From “Doctor knows best” to “I know best,” consumers are taking a bigger role in managing their health.
If you’ve scrolled through Instagram at any point in the last 2 years, you know that wellness is all the rage. In fact, it’s now a $3.7 trillion global industry. There has been a dramatic shift in the global conversation from health to holistic wellness. Consumers are obsessed with self-improvement of the “whole person,” with a new focus on areas like clean eating, clean sleeping, mental health, skin health, fitness, hydration, and stress levels.
As consumers take a bigger role in managing their health, they demand more information about the food they eat, the medicines they take, and the make-up they wear. Consumers are increasingly doing their own research first, relying less on the advice of doctors or advertising, and as such, rewarding brands that are transparent and forthcoming with meaningful information about their company and products.
We’re also seeing a shift within some healthcare systems from a fee-for-service (FFS) model to a value-based care (VBC) model, an alternative that focuses more on quality of care than quantity. Value-based models reward better outcomes and lower spending, rather than promote the use of additional unnecessary tests and procedures. Brands that can facilitate meaningful interactions between HCPs and patients have an opportunity to succeed in this value-based landscape.
Enabling this shift among both consumers and healthcare professionals is the proliferation of health tech and devices that track vitals and promote healthy habits. The use of health and fitness apps grew by over 330% between 2014 and 2017, with over 75% of active users opening a health and fitness app at least twice a week. Consumers appreciate brands that support their efforts with meaningful integrations and incentives to help support them on their wellness journeys.
As part of this quantified-self movement, consumers are not only tracking their behavior to learn more about their health, but are also turning to tech that tells them when and how to take care of themselves, from a smart water bottle that blinks when you need to drink water, to a smart watch that reminds you to periodically stand up. And there are new products on the market everyday – health tech was pervasive at CES 2018, addressing everything from sports to skin to sleep, and even more serious conditions like cancer.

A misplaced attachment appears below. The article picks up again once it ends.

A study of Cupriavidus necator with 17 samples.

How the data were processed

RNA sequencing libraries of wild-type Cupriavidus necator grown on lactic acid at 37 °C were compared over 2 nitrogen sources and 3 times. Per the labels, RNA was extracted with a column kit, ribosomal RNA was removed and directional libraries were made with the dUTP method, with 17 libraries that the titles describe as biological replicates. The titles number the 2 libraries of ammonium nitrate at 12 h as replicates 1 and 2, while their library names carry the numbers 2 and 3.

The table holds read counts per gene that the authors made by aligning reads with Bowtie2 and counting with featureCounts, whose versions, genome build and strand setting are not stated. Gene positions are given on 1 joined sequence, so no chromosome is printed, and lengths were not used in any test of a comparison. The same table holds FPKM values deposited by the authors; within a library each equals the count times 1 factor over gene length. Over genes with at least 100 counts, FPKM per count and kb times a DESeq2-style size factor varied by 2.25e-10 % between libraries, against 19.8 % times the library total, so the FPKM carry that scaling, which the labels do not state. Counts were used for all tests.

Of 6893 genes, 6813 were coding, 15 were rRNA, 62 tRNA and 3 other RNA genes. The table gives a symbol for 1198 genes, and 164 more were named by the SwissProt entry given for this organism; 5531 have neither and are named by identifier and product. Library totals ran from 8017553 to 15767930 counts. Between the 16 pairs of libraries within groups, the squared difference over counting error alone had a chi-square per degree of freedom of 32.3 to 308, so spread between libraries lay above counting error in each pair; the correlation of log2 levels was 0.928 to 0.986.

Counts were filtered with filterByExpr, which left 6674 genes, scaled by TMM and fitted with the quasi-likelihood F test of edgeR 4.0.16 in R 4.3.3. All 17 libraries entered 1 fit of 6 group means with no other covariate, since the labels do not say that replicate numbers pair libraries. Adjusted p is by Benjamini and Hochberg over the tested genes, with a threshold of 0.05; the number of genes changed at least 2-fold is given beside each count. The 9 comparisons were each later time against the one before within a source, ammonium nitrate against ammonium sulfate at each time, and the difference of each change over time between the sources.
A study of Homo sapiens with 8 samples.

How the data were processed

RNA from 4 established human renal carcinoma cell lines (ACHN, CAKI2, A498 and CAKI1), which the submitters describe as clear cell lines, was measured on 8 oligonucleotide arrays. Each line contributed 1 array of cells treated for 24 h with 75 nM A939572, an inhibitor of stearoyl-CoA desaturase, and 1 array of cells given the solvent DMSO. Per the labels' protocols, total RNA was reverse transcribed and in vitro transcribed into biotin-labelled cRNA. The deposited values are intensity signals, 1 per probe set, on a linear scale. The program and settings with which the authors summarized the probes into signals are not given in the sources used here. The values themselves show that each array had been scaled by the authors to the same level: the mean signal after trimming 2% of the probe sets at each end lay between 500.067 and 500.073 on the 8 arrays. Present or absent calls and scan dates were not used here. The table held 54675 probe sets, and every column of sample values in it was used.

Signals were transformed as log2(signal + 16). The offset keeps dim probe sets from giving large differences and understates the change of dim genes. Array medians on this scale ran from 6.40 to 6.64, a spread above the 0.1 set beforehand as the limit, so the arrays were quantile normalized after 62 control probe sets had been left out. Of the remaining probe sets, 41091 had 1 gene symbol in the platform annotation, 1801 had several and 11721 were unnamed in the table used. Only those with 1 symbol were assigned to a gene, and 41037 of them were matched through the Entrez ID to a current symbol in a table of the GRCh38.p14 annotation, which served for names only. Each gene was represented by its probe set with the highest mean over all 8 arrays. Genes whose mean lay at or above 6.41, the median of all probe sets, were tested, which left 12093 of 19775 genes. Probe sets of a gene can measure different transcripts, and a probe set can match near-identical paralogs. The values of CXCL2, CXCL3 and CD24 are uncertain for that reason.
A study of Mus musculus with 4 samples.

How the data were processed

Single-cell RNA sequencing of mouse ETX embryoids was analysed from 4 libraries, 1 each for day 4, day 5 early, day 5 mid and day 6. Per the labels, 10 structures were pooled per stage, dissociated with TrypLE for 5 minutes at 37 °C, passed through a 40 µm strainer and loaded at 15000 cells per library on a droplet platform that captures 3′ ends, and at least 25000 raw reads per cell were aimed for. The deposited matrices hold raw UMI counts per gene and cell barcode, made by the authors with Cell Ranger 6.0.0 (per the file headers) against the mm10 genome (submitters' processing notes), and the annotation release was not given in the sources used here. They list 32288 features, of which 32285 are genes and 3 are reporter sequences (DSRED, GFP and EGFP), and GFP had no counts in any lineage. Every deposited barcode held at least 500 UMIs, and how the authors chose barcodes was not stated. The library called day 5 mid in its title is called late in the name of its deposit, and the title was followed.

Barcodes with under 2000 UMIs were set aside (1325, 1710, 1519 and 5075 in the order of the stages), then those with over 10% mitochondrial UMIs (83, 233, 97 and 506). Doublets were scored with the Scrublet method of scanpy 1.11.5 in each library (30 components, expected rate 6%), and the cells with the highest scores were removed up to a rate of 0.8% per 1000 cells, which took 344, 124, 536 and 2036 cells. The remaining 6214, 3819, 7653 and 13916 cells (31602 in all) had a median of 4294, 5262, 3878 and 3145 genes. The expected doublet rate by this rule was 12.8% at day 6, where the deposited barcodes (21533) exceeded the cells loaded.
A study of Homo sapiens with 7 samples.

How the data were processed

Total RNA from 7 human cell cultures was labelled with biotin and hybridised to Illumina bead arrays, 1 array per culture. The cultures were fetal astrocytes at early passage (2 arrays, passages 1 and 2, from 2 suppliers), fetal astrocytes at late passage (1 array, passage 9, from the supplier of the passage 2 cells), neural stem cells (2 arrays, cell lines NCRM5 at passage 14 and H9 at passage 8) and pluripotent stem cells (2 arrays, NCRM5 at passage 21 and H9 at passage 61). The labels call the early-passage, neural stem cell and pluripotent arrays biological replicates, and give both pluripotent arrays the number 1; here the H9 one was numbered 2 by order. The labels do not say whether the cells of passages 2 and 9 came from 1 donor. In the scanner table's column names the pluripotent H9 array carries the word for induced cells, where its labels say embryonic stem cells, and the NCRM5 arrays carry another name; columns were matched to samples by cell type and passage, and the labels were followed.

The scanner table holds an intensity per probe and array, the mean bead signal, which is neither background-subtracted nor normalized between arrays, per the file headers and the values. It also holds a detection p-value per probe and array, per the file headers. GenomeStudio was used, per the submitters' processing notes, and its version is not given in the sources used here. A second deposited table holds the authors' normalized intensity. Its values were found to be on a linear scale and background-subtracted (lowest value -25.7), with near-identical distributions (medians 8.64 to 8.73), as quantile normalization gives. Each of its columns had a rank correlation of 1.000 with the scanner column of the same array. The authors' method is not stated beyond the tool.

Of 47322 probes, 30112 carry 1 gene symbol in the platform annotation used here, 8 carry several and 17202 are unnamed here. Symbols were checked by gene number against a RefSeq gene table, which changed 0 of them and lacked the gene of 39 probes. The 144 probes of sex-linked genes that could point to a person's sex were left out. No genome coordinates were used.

The growth in digital health tools, data, and products alludes to a more important trend in the healthcare space – gone are the days of simply popping a pill. Today’s patients and healthcare providers want to be a part of the health journey, and brands that enable this engagement are more likely to build meaningful connections with these consumers.
Pharmaceutical brands have already begun creating Community Pages on social media to discuss diseases instead of the drugs themselves, allowing HCPs and patients to get involved in the social conversation. Retail pharmacies are even starting to shift services toward digital health to become one-stop shops for healthcare services, especially in more remote rural areas where access to care may be sparse. This expansion could mean more opportunities for brand partnerships that will help increase meaningful content and consumer engagement. Brands and marketers can also use a myriad of behavioral economics techniques to help consumers make the right choice for their health, intercepting, rather than interrupting, patients at key moments of decision.
As patients learn more about their health with the vast amount of data now being collected, brands have an opportunity to engage in these meaningful moments. Especially now, in this age of meaningful brands, it’s not just about reaching sales goals, it’s about helping consumers live their best life and reach their health and wellness goals. That’s meaningful media.